US Bishops Urge Prayer, Action Over Coronavirus: ‘God Does Not Abandon Us’
The statements came as the spread of the coronavirus in the United States prompted widespread cancellations or postponements of public events and restrictions on public Masses in a growing number of dioceses.
WASHINGTON, D.C. — Catholic bishops in the United States offered prayers and encouragement as Congress considers a relief package for the Coronavirus.
Conference president Archbishop Jose Gomez of Los Angeles released a statement Friday invoking Our Lady of Guadalupe and encouraging Catholics to pray.
“God does not abandon us,” Archbishop Gomez said. “He goes with us even now in this time of trial and testing. In this moment, it is important for us to anchor our hearts in the hope that we have in Jesus Christ. Now is the time to intensify our prayers and sacrifices for the love of God and the love of our neighbor. Let us draw closer to one another in our love for him, and rediscover the things that truly matter in our lives.”
“United with our Holy Father Pope Francis, let us pray in solidarity for our brothers and sisters here and around the world who are sick. Let us pray for those who have lost loved ones to this virus. May God console them and grant them peace,” Archbishop Gomez said.
“We pray also for doctors, nurses, and caregivers, for public health officials and all civic leaders. May God grant them courage and prudence as they seek to respond to this emergency with compassion and in service to the common good.”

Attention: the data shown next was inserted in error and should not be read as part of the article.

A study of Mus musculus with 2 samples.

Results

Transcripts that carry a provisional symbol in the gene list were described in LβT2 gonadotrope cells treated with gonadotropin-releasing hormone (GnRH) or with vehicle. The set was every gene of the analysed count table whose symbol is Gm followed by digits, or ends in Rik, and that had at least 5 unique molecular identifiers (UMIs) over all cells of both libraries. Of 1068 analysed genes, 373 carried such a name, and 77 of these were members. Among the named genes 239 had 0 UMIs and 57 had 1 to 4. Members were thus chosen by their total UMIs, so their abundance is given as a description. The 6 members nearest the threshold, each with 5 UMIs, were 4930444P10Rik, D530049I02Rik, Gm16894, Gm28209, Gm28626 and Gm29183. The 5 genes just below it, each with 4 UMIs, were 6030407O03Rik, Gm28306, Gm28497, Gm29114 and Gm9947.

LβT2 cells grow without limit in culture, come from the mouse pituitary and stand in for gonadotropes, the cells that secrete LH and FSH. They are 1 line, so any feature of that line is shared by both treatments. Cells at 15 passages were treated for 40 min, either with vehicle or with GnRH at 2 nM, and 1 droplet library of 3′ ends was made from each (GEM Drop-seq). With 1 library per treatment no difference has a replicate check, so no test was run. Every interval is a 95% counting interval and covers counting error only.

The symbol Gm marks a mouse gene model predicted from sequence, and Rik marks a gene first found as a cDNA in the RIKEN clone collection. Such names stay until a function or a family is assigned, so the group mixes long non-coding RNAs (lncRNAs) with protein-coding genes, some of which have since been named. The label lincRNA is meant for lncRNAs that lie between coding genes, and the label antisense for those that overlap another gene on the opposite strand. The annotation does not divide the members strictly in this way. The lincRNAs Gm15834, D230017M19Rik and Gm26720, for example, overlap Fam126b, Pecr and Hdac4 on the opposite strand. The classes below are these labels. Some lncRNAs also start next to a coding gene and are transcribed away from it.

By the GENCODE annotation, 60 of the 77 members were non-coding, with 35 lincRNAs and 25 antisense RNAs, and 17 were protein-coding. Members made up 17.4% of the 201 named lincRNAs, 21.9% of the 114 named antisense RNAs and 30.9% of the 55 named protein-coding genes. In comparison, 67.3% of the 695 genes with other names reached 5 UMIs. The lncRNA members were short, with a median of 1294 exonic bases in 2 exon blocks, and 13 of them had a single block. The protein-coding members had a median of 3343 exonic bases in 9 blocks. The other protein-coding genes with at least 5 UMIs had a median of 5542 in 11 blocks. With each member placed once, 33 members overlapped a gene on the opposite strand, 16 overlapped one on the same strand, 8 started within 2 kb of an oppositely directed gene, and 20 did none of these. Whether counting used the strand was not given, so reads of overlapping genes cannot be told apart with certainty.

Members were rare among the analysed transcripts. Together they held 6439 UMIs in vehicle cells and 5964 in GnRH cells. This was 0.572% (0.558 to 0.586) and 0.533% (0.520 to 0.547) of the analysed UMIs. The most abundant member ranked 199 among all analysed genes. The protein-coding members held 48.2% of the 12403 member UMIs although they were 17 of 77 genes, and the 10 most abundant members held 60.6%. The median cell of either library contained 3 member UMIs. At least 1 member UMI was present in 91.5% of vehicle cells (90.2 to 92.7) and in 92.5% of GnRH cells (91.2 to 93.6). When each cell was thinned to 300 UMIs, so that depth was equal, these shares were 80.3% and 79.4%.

On Thursday, Archbishop Paul Coakley of Oklahoma City, the chair of the U.S. Catholic bishops’ domestic justice and human development committee, encouraged lawmakers to provide aid to those hardest-hit by the coronavirus.
“We are grateful for the efforts by lawmakers during this difficult time and urge them to go forward in finding a path to bring greater relief to everyone suffering from coronavirus and its effects on society, especially those most in need,” said Archbishop Coakley Thursday.
“May the Divine Physician be with all those affected by this illness and restore us quickly to health and peace,” he said.
The archbishop’s statement came as the spread of the coronavirus in the United States prompted widespread cancellations or postponements of public events and restrictions on public Masses in a growing number of dioceses.
The director-general of the World Health Organization on Wednesday called the virus a pandemic. In the U.S., there were more than 1,200 total cases and 36 deaths from the Coronavirus, according to Thursday numbers of the U.S. Centers for Disease Control.
“We pray especially for those who are ill and for those who have died,” Archbishop Coakley said. “We also offer prayers for those affected by disruptions, such as quarantines and closures of workplaces and schools. Finally, we pray for health care workers, and express our gratitude for their service in combating this disease.”
Several Catholic colleges and universities have cancelled in-person classes, and are making preparations to conduct courses online.
The Trump, Biden, and Sanders campaigns began cancelling public events and professional and collegiate sports organizations canceled sporting events indefinitely.
Congress is considering a stimulus package to respond to the Coronavirus, and the legislation is scheduled for a vote later on Friday.
Archbishop Coakley noted that the bishops’ conference has previously supported some of the policies under consideration in the legislation, “such as increased food security measures, paid sick leave, adequate care for immigrants regardless of status, and greater assistance for low-income workers, the unemployed, and those experiencing homelessness or housing instability.”
The archbishop asked Congress to consider suspending work requirements for food stamp benefits given the instability of some industries affected by the virus.
Archbishop Coakley also called for no immigration enforcement at locations such as hospitals and health clinics, and for a federal disaster declaration to free up additional federal funding of the pandemic response.